Restoration underway now on 1922 Ford truck.
I am 84 now; I was born and raised on a farm in South Dakota. Dad and I farmed 4-1/2 quarters of land (roughly 720 acres) until I was drafted in 1952 to serve in the U.S. Army during the Korean conflict. Dad had to reduce his farming acres to just his dad’s homestead farm.
When I was discharged from the service, no farms were available to rent. I went to a refrigeration and electronics school for three years under the GI Bill. Two days before I graduated, my dad passed away at age 59. I got a job with Collins Radio (now Rockwell Collins) in Cedar Rapids, Iowa. In 1988, after 30 years with the company, I retired from Rockwell Collins. Shortly after that my wife passed away. We were blessed with five children: three boys and two girls. Later I met another gal and we were married. The boys and her thought I should start another hobby. We got interested in old iron and restored a few gas engines and tractors.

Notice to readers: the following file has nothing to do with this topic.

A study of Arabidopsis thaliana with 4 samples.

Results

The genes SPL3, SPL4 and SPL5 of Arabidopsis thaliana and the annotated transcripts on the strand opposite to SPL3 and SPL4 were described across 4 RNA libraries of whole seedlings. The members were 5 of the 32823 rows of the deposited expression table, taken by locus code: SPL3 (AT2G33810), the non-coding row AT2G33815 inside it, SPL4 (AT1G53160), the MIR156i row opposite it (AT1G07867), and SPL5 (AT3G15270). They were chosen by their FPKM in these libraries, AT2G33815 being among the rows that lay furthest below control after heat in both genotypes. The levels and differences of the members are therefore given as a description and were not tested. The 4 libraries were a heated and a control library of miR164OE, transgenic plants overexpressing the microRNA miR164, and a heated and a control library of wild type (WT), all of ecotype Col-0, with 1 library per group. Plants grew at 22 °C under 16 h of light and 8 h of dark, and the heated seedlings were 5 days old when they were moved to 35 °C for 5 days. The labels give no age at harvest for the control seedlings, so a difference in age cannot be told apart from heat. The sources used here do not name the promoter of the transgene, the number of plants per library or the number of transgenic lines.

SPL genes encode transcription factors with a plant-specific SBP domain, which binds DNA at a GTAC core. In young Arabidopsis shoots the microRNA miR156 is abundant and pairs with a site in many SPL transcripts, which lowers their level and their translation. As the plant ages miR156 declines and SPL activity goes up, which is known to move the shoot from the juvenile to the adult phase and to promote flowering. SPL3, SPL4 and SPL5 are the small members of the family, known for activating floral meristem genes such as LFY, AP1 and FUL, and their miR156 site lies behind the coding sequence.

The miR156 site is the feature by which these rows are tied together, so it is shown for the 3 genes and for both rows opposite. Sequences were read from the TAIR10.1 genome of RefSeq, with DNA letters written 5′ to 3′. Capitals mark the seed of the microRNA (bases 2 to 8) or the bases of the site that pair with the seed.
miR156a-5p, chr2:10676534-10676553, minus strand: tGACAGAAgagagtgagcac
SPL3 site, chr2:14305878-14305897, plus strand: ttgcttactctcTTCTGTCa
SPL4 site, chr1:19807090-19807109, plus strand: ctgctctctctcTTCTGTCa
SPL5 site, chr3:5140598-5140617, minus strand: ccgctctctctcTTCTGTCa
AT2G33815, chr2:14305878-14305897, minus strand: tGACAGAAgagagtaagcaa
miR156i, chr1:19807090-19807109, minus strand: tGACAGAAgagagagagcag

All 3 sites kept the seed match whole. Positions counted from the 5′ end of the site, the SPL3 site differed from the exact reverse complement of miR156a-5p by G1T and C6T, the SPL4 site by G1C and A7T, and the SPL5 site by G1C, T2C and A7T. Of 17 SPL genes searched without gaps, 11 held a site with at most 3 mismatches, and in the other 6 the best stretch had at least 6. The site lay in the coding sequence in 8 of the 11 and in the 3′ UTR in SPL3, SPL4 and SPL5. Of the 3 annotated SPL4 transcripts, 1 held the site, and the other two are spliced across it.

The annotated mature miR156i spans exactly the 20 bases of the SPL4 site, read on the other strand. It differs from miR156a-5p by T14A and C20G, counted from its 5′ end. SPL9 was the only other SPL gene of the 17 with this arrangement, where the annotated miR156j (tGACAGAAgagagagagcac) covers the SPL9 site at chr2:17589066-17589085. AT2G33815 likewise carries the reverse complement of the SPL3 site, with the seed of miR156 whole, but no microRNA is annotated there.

My dad had a 1923 Model TT Ford truck that he used on the farm. He also had another 1923 truck that he used for parts. One day while in a small town, Dad talked to a wheeler-dealer who bought, sold and traded almost anything to make a few dollars. He had a 1922 truck he was about to sell for scrap iron.
While they chatted, Dad said he thought he had room for another truck in the farm grove. I had an old horse that my uncle had given me to ride. It had got mean and lazy and was worthless, but it still had to be fed. The wheeler-dealer guy also had a small mink farm; he could get more out of the horse hide, meat and bones for his mink than he could get for the truck if he sold it for scrap iron.
They traded even up. Dad said to me, “It’s yours.” That turned out to be my first vehicle. I was about 12 years old at the time. I often played in it and thought, “Some day I’m going to fix this truck up and make it run.”
During my retirement, I found out from an old schoolmate that those three vehicles were still available in South Dakota. He had them, and I was able to purchase all three and brought them to Iowa. I’ve restored my dad’s Model TT, am nearly finished with the 1922 truck, and the “parts” truck will be next. FC
For more information: Lewis A. Pearson, 240 Ridge Dr., Marion, IA 52302.